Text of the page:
Real estate agents who have suspected homes are sitting on the market longer these days — consider your suspicions confirmed. Where homes used to be snatched up within days or even hours of hitting the market, now buyers are taking their time.

For example, in the four weeks spanning mid-August to mid-September, the percentage of listings that had an offer accepted in two weeks or less dropped:

  • in San Jose, from 58% in 2017 to 31% in 2018;
  • in San Francisco, from 45% to 40%; and
  • in Sacramento, from 38% to 32%, according to Redfin.

This translates to homes sitting longer on the market. Even accounting for the seasonal slowdown at the end of the year, the average days a listing sits on the market is up over a year earlier. As of November 2018, the average days on market is:

Another, more tangible way this slowdown is being felt is in the pockets of real estate professionals. Listings slower to sell means a reduced sales volume, which has slowed the flow of agent fees.

September alone saw a 14% year-over-year drop in home sales volume across California, followed by another 4% drop in October.

Interest rates to blame?

What’s behind the sudden slowdown in home sales?

One major anchor on home sales volume in 2018 has been the financial shock of rising interest rates.

In California, the average 30-year fixed rate mortgage (FRM) rate was 4.74% in November 2018, up nearly a percentage point from a year earlier when it averaged 3.82%.

These higher interest rates translate to higher mortgage payments — if homebuyers continue to shop at the same price point. In other words, if a homebuyer is unable to absorb the increased cost of the higher interest rate, they are forced to lower their price point. This dynamic is called buyer purchasing power, and dictates the price buyers are able to pay for property.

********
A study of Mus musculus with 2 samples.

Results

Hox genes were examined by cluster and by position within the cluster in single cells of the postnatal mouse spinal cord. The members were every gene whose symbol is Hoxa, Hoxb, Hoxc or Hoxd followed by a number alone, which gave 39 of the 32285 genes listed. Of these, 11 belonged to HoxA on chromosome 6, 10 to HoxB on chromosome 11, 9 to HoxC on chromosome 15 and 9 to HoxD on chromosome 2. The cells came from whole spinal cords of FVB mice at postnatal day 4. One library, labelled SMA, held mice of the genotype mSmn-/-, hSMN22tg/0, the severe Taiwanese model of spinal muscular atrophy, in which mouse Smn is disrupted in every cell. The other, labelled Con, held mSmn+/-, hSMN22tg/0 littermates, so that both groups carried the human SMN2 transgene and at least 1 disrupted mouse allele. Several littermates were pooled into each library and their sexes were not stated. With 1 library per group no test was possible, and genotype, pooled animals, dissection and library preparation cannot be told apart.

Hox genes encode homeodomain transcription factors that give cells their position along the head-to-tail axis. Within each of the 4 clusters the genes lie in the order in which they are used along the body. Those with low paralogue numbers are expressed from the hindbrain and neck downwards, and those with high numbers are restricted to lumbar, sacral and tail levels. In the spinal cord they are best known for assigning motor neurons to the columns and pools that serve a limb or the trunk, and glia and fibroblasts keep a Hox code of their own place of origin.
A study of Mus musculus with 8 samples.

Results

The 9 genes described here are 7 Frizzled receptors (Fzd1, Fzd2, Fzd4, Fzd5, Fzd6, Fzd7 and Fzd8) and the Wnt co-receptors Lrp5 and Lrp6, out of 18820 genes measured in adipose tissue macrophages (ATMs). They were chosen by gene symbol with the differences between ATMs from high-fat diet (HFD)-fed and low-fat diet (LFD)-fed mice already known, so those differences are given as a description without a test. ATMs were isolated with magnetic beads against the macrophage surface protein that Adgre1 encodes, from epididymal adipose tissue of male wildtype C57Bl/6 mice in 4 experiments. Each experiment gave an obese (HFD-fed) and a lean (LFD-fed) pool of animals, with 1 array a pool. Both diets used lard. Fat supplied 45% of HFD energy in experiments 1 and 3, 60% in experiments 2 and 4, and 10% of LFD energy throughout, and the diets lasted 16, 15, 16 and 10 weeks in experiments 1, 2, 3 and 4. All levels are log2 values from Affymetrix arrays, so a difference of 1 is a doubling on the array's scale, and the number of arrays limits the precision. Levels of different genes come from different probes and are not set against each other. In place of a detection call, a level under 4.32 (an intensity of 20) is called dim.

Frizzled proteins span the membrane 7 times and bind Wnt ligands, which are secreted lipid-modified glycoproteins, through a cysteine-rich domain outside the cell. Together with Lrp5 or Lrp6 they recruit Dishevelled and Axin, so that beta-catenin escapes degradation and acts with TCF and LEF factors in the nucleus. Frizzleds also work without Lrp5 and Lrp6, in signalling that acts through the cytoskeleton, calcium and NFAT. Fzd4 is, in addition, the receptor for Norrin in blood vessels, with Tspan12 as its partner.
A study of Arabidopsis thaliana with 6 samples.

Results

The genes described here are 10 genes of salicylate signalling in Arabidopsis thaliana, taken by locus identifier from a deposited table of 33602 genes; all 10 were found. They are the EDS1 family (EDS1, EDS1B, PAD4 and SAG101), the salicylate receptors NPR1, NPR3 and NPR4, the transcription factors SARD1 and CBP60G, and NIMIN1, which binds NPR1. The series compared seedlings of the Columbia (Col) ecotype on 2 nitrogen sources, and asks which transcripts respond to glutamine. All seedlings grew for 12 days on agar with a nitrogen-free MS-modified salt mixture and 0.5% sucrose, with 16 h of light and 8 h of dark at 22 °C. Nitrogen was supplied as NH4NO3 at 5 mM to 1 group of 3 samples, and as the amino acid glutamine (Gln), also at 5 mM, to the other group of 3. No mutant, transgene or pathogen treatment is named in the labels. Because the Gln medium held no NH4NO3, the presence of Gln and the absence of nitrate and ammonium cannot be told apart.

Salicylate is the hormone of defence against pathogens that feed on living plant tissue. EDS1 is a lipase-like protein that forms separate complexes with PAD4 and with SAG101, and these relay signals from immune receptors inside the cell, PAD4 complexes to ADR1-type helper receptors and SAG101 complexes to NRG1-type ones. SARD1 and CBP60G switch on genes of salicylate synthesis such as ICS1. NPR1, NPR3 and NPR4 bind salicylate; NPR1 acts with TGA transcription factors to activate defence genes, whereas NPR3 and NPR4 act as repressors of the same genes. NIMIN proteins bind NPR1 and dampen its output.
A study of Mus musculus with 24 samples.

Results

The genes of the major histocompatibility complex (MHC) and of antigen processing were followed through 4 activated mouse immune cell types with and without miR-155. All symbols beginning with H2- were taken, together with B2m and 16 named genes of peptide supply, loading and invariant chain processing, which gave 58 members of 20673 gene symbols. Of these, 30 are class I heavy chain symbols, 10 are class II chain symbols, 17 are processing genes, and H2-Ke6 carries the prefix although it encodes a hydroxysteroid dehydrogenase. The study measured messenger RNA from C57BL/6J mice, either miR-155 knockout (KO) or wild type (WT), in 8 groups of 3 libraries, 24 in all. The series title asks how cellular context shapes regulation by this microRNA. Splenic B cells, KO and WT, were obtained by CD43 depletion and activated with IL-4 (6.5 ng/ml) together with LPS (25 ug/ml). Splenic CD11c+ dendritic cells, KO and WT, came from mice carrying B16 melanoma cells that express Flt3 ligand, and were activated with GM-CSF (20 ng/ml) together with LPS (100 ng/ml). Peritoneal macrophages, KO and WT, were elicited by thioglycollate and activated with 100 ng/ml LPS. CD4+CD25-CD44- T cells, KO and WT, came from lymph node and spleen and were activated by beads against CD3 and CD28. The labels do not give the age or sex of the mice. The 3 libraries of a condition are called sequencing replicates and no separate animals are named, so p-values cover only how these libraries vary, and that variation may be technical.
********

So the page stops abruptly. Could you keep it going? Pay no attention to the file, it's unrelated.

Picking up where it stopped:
Related article:

How higher interest rates impact real estate

But higher interest rates aren’t the only problem holding back home sales in California. The fact is, home sales volume has been stuck in the post-recession years, never rising beyond 465,000 annual sales since 2008. This mediocre figure is depressingly low compared to the 754,000 sales that took place in California in 2005, at the height of the Millennium Boom. Considering that interest rates just started to rise significantly within the past year, there is another factor at work that has held down home sales volume for over a decade.

This factor is insufficient residential construction. From 2007-2015, construction was well below statewide household growth, resulting in a rapidly shrinking vacancy rate.  With not enough new homes to fill demand, inventory shrank and prices rose beyond incomes, keeping sales volume low.

The good news is construction continues to increase each year, though this increase is mostly occurring in the high tier, leaving out the important low-tier sector where first-time homebuyers are most active.

While interest rates will continue on their upward climb in the coming years, reigning in price increases, home sales volume will find more support in rising construction numbers. Several pieces of state legislation are in the works to encourage more construction of low- and mid-tier homes, boosting inventory and sales volume.